The Life and Death of the Scientific Buddha

When we speak of the “Buddha” in the West today, are we really referring to the one born 2,500 years ago, or are we just invoking a more recent, Westernized incarnation of him? In his latest book, The Scientific Buddha: His Short and Happy Life, Donald S. Lopez, Jr. argues that modern discussions of Buddhism are based not on the teachings of the Buddha of ancient India, but on the Scientific Buddha, who was “born” in Europe in the 1800s. As part of the Terry Lecture Series, which explores religion and its application to human welfare in light of modern science and philosophy, the book examines this updated version of the Buddha, who endorses ideas that seem to be encouragingly compatible with science. His followers go so far as to identify parallels between the doctrine of karma and the theory of evolution; the Buddhist account of the origin of the cosmos and the Big Bang; the doctrine of emptiness and quantum physics. But all this, Lopez counters, is simply false resonance:

 “The Scientific Buddha is a pale reflection of the Buddha born in Asia, a Buddha who entered our world in order to destroy it. This Buddha has no interest in being compatible with science.”

One of the main examples Lopez cites is meditation: modern interpretations of Buddhism have turned it into the latest self-help movement for stressed-out consumers in the West, beguiled by a superficial emphasis on “mindfulness.” Meditation has been linked to benefits such as weight loss, lower blood pressure and lower cholesterol. In other words, it’s considered as a therapy for stress reduction—but is stress reduction really what the Buddha taught?

The goal of Buddhist meditation, Lopez explains, is not stress reduction but stress induction:

“The goal of such meditation is to cause one to regard this life as a prisoner regards his or her prison, to cause one to strive to escape from this world with the urgency that a person whose hair is on fire seeks to douse the flames.… Rather than seeking a sense of peaceful satisfaction with the unfolding of experience, the goal of this practice is to produce a state of mind that is highly judgmental, indeed judging this world to be like a prison. This sense of dissatisfaction is regarded as an essential prerequisite for progress on the Buddhist path.”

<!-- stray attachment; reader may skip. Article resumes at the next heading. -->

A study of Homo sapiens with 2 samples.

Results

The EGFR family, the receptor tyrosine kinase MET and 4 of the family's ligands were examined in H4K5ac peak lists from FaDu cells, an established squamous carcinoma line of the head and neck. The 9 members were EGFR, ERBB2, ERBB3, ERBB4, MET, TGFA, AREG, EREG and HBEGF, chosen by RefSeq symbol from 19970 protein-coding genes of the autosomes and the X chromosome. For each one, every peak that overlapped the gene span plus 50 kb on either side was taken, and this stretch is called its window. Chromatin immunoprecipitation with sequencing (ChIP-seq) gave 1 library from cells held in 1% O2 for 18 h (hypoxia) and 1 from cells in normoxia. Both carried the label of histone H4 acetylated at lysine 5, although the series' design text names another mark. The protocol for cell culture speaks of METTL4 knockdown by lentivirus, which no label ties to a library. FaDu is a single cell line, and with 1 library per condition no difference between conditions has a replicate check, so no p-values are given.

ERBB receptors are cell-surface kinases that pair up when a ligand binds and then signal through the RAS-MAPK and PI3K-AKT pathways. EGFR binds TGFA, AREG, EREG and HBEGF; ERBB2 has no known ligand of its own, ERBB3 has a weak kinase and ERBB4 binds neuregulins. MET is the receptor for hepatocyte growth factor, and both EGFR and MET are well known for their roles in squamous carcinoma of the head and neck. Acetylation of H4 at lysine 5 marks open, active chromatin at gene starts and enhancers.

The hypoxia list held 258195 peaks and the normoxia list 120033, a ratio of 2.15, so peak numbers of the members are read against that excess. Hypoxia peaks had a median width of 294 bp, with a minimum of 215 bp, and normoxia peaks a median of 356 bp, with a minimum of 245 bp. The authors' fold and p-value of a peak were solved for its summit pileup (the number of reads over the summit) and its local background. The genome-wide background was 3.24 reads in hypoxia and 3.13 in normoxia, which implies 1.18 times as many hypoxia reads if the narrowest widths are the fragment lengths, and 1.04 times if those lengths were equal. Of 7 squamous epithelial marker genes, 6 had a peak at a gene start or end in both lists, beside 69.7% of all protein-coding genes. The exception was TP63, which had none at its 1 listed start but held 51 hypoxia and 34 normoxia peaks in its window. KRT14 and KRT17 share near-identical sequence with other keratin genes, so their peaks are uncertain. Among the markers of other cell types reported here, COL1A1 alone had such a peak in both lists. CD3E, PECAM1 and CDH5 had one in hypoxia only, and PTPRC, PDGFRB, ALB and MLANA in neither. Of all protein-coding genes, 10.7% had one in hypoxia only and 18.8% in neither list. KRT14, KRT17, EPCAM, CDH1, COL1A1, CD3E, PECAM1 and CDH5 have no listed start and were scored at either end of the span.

If the Buddha was simply seeking to alleviate superficial forms of suffering, Lopez writes, “the Buddha would have provided a cure for suffering as science understands it; two millennia ago he would have set forth the Indoor Plumbing Sutra and the Lotus of Good Dental Hygiene.” But the suffering he spoke of was of a subtler nature, and more fundamental to the experience of life.

Having highlighted the dissonances between modern, scientific readings of the Buddha and his original teachings, Lopez goes on to point out that the role of the Scientific Buddha is nonetheless not one that we should discount easily. Having been “born into a world of the colonial subjugation of Asia by Europe,” his existence allowed Buddhist elites of the late nineteenth and early twentieth centuries to counter claims of superstition, “wrest[ing] the weapon of science from the hands of the Christian and turn[ing] it against them.” In this way, Buddhism was able to earn its place among the respected religions of the world.

But now that the Scientific Buddha has played his part, perhaps it’s time for us to let him pass on. Lopez asks if it would really be so bad to conclude that Buddhism, as it was originally conceived, is fundamentally incompatible with science. After all, he says, “Of all the things we have asked of the Buddha, must we also ask him to fulfill the dream of foreigners, a dream that has been dreamed in the West since at least the eighteenth century, the dream of something to believe in that does not make us have to choose between science and religion?” At the end of the day, maybe this dream, this scientific Buddha, is really just that—wishful thinking.